Why? Just why?

DeepDishChix

Chirping
May 23, 2015
313
22
78
Hey,
We have 9 chickens but we're only getting 2-5 eggs a day. They all started laying about 2 months ago. We have 5 Easter Eggers, 2 Amerecaunas, and 1 gold comet. They are getting plenty of protein (from black oil sunflower seeds) and im feeding them properly. A friend of ours has RIRS and Barred rocks and they are getting 9-10 eggs a day. They have 3 RIRS and 5 BRs a wyandotte and a cochin. Not fair
 

oldhenlikesdogs

Grateful
BYC Staff
Premium Feather Member
5 Years
Jul 16, 2015
45,531
79,460
1,462
Wisconsin
From my experience Americana and at least my EE have always quit laying during the cold of winter as well as the heat of summer. You have only one true egg laying breed, the others are bred for egg color, you should get more egg layers if you want eggs on a regular basis.
 

LRH97

Songster
7 Years
Jul 29, 2013
1,136
473
241
Southern Illinois
From my experience Americana and at least my EE have always quit laying during the cold of winter as well as the heat of summer. You have only one true egg laying breed, the others are bred for egg color, you should get more egg layers if you want eggs on a regular basis.
Same with my EEs. Haven't seen a colored egg in quite a while now that it's colder here. The weather has been quite crazy here, mild one week and cold the next which screws the girls up. It's now been pretty chilly for a while and out of 22 girls, the highest number of eggs I've gotten in one day has been 8.
 

DanEP

Songster
10 Years
May 15, 2010
1,026
142
226
Cadiz Ky
EE's are not in general great layers. Out of the 25 or so I've had only 2 have been pretty good layers and only 1 has laid large eggs most lay medium. To be honest if it weren't for the green eggs and their personality I probably wouldn't keep getting them.
 

Cindy in PA

Crowing
12 Years
Jul 8, 2008
2,759
1,102
401
Fleetwood, PA
My experience has been the exact opposite, so I dislike generalizations. I have had EEs 3 times in the past 23 years. I found mine to be early layers, great layers & birds that molted quickly & went back to laying fast. The eggs were always large to extra large eggs after the first couple of months. It's hard to generalize about any breeds.
 

lazy gardener

Crossing the Road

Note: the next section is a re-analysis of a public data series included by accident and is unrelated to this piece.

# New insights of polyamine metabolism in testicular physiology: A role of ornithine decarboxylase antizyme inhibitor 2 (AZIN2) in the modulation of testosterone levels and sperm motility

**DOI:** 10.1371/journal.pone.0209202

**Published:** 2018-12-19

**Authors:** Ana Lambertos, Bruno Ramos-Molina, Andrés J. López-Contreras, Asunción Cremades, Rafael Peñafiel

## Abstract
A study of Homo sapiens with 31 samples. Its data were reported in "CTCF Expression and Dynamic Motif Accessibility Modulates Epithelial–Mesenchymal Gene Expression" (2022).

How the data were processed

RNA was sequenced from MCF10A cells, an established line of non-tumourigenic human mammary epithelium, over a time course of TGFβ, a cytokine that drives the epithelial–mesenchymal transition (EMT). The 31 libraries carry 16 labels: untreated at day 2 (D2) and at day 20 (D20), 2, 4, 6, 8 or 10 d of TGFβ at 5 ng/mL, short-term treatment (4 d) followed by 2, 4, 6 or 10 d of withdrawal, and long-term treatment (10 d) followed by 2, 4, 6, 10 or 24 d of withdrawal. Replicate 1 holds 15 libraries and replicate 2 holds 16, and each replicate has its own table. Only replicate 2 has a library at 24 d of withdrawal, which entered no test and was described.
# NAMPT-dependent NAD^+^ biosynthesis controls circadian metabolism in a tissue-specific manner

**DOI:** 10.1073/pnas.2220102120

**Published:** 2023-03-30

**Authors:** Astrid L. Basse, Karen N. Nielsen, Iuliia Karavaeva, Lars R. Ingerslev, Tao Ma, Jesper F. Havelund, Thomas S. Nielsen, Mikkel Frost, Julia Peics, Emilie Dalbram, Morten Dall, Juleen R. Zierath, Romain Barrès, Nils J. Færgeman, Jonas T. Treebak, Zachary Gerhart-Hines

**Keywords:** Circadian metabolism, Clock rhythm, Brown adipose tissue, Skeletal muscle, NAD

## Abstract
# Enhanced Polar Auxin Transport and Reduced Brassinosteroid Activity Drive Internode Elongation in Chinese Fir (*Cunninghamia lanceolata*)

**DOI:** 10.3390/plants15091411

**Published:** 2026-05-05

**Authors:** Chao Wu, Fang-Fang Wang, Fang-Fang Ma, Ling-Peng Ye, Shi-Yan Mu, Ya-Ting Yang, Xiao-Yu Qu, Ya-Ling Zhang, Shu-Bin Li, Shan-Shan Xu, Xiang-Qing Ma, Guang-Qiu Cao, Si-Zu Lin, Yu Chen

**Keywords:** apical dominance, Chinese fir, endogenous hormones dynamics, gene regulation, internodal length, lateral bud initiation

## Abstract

7 Years
Nov 7, 2012
27,615
27,024
917
CENTRAL MAINE zone 4B
My experience has been the exact opposite, so I dislike generalizations. I have had EEs 3 times in the past 23 years. I found mine to be early layers, great layers & birds that molted quickly & went back to laying fast. The eggs were always large to extra large eggs after the first couple of months. It's hard to generalize about any breeds.
Agreed, Cindy! I love my EE gals. My first flock had 3 EE, 1 home bred BSL, and 1 RIR. No supplemental heat or light. The only one who laid through the winter was one of the EE gals. Moving forward, I have continued to breed my own chicks. EE roo over other breeds. I'm getting a wonderful mix of white (from RCBL), blue, green, olive, and browns of all shades from very dark to almost white. Those gals with EE heritage are wonderful layers.
 

DeepDishChix

Chirping
May 23, 2015
313
22
78
One of my EE's lays 7 days a week. She lays medium sized eggs, and she was always the one that would get picked on, so we moved her out.
 

Ridgerunner

Crossing the Road
12 Years
Feb 2, 2009
27,517
20,802
907
Southeast Louisiana
I agree with Cindy and LG, you cannot generalize on any breed. While some breeds do have tendencies, I find strain much more important than breed. If the person selecting which chickens get to breed selects for egg laying, after few generations you have a flock that lays pretty well, even if that breed is not supposed to lay well. If they don’t select for egg laying, after a few generations even a breed that is supposed to lay well probably won’t lay great.

Besides EE’s are not a breed. There is no recognized standard for them. They are simply a chicken where the hens might lay a blue or green egg. Some people don’t even require an EE to lay a blue or green egg, just that some hen in their ancestry did.

Your odds of getting a hen that lays well are better if you get them from a flock that lays well and from breeds that “tend” to lay well, but you don’t even get guarantees with these.
 

Dead Rabbit

Songster
9 Years
Apr 28, 2010
450
27
149
Virginia
My experience has been the exact opposite, so I dislike generalizations.  I have had EEs 3 times in the past 23 years. I found mine to be early layers, great layers & birds that molted quickly & went back to laying fast.  The eggs were always large to extra large eggs after the first couple of months.  It's hard to generalize about any breeds.


Can you please state your source of these superior EE.